Inflation is often a significant part of growth in any time series measured in dollars (or other currencies), or – in other words – it’s an important part of an increase over time in data expressed in dollars. So when you compare data for the current year, month or whatever with the same data for some period in the past, you may just see inflation rather than actual growth or increases. By adjusting for inflation, you uncover the real growth. You may even discover that growth hides decline. Here’s an innocuous example of the consequences of failing to adjust data for inflation:
Over the last month, newspapers and film Web sites have proclaimed Avatar the highest-grossing film in American history. … Moviegoers in [the U.S.] have now spent about $700 million on tickets to Avatar. … No. 2 on the all-time list is Titanic, which brought in about $600 million. Avatar surpassed Titanic in late January. The problem with these numbers is that they aren’t adjusted for inflation. … When you adjust movie grosses for inflation, as Box Office Mojo does, you see that “Gone With the Wind” remains the top-grossing movie of all time, with $1.5 billion in box-office sales (using today’s dollars). (source)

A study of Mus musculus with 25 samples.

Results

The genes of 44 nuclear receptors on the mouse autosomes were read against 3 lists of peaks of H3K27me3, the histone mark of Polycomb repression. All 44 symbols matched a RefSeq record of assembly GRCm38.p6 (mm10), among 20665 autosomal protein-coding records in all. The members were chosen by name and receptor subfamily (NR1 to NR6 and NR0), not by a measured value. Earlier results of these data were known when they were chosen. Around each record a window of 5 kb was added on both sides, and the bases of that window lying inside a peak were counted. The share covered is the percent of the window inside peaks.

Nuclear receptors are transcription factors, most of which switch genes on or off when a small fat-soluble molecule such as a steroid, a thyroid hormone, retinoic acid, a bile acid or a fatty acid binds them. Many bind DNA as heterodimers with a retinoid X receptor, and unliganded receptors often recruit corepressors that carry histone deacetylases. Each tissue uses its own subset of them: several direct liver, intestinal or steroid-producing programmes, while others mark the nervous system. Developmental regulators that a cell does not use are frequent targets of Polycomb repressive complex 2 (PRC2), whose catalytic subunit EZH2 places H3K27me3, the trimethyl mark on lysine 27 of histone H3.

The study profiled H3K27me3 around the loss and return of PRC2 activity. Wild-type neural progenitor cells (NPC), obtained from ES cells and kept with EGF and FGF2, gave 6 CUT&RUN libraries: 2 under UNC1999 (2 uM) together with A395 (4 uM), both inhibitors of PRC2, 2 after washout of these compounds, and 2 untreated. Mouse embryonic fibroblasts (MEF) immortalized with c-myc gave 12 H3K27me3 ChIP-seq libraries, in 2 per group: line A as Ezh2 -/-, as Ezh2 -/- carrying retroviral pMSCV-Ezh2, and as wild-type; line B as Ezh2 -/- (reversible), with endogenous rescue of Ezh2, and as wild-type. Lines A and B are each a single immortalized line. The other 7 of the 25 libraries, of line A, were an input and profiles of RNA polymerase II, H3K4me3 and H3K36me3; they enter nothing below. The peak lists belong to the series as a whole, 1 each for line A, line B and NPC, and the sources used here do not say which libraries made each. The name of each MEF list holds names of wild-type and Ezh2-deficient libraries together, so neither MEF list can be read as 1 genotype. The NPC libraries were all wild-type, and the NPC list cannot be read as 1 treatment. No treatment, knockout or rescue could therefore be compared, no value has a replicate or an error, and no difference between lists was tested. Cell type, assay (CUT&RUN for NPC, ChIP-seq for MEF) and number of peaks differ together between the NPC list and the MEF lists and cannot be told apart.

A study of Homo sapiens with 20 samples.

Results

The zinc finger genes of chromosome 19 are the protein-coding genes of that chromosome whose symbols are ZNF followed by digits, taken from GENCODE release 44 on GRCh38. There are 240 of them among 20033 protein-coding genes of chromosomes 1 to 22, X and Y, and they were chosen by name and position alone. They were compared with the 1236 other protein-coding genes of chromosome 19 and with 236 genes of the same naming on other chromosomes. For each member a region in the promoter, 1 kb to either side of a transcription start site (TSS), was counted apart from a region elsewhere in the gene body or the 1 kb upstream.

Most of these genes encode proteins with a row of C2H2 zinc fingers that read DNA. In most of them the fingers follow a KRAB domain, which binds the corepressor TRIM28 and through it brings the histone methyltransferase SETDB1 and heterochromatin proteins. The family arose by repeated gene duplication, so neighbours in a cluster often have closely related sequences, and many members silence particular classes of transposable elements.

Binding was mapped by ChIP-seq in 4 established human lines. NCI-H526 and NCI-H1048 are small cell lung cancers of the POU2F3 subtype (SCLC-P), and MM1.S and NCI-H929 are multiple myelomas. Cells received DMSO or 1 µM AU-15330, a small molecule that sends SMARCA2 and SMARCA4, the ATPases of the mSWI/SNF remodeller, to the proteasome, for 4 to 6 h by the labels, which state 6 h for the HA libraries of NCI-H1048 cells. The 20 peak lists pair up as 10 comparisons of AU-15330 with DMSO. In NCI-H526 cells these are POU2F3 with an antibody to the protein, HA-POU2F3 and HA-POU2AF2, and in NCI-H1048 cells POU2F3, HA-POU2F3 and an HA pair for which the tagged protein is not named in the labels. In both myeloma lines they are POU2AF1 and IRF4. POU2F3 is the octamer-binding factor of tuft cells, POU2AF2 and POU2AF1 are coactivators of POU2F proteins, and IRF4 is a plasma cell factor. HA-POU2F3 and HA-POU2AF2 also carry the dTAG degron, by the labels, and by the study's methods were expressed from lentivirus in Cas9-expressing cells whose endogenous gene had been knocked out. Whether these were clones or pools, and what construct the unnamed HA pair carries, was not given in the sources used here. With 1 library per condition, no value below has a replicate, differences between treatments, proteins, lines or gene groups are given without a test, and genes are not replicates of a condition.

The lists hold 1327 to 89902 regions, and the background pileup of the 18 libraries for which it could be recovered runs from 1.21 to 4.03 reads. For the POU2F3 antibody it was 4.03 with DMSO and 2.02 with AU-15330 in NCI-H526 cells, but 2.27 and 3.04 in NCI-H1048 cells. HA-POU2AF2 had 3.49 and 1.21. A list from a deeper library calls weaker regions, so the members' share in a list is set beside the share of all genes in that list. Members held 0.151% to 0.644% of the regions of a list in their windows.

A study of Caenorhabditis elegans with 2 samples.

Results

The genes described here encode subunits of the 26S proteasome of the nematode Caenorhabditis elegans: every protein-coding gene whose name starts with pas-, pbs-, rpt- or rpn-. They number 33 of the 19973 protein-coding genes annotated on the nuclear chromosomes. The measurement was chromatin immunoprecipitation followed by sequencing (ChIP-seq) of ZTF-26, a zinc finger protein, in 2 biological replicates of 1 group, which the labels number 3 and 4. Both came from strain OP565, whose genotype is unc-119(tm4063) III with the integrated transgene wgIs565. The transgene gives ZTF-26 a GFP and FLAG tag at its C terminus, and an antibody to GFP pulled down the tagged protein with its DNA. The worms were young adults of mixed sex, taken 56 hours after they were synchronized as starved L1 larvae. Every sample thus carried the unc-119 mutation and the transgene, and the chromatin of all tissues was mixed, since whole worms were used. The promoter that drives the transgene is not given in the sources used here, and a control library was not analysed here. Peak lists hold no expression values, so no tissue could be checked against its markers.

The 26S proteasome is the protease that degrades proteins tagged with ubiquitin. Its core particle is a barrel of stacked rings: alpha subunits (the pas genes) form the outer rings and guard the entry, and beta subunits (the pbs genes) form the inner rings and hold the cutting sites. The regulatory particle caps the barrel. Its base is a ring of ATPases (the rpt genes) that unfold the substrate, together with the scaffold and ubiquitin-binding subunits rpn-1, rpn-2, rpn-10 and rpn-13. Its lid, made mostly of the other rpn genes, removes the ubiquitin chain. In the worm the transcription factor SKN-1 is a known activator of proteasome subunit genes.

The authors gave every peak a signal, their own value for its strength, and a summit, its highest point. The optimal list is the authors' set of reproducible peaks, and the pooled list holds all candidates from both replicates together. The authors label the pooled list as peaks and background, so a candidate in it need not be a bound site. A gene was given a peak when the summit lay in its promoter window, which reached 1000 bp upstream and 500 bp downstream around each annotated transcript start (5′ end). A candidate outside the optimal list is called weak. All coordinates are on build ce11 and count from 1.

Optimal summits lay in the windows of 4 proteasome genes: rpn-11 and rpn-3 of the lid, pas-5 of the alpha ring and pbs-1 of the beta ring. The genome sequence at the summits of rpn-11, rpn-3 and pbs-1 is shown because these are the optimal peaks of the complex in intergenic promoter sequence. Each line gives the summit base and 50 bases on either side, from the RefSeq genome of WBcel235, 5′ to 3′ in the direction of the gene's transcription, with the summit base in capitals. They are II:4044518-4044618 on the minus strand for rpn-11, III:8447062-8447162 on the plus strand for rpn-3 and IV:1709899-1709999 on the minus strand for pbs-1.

This won’t do much damage. The problems start when unadjusted data are being used to push a political point or legislation. For example, one can claim that it isn’t a good idea to raise gasoline taxes because gasoline prices are already very high compared to the old days, but this claim loses much of its strength when you adjust the prices for inflation and it turns out that they are actually rather average, historically.
Of course, you can make mistakes while trying to adjust for inflation, and there are several techniques available, none of which will provide the same numbers. But any adjustment, especially for comparisons over long periods of time, are better than no adjustment at all.
There’s a cool inflation adjusting tool here (only for U.S. data I’m afraid).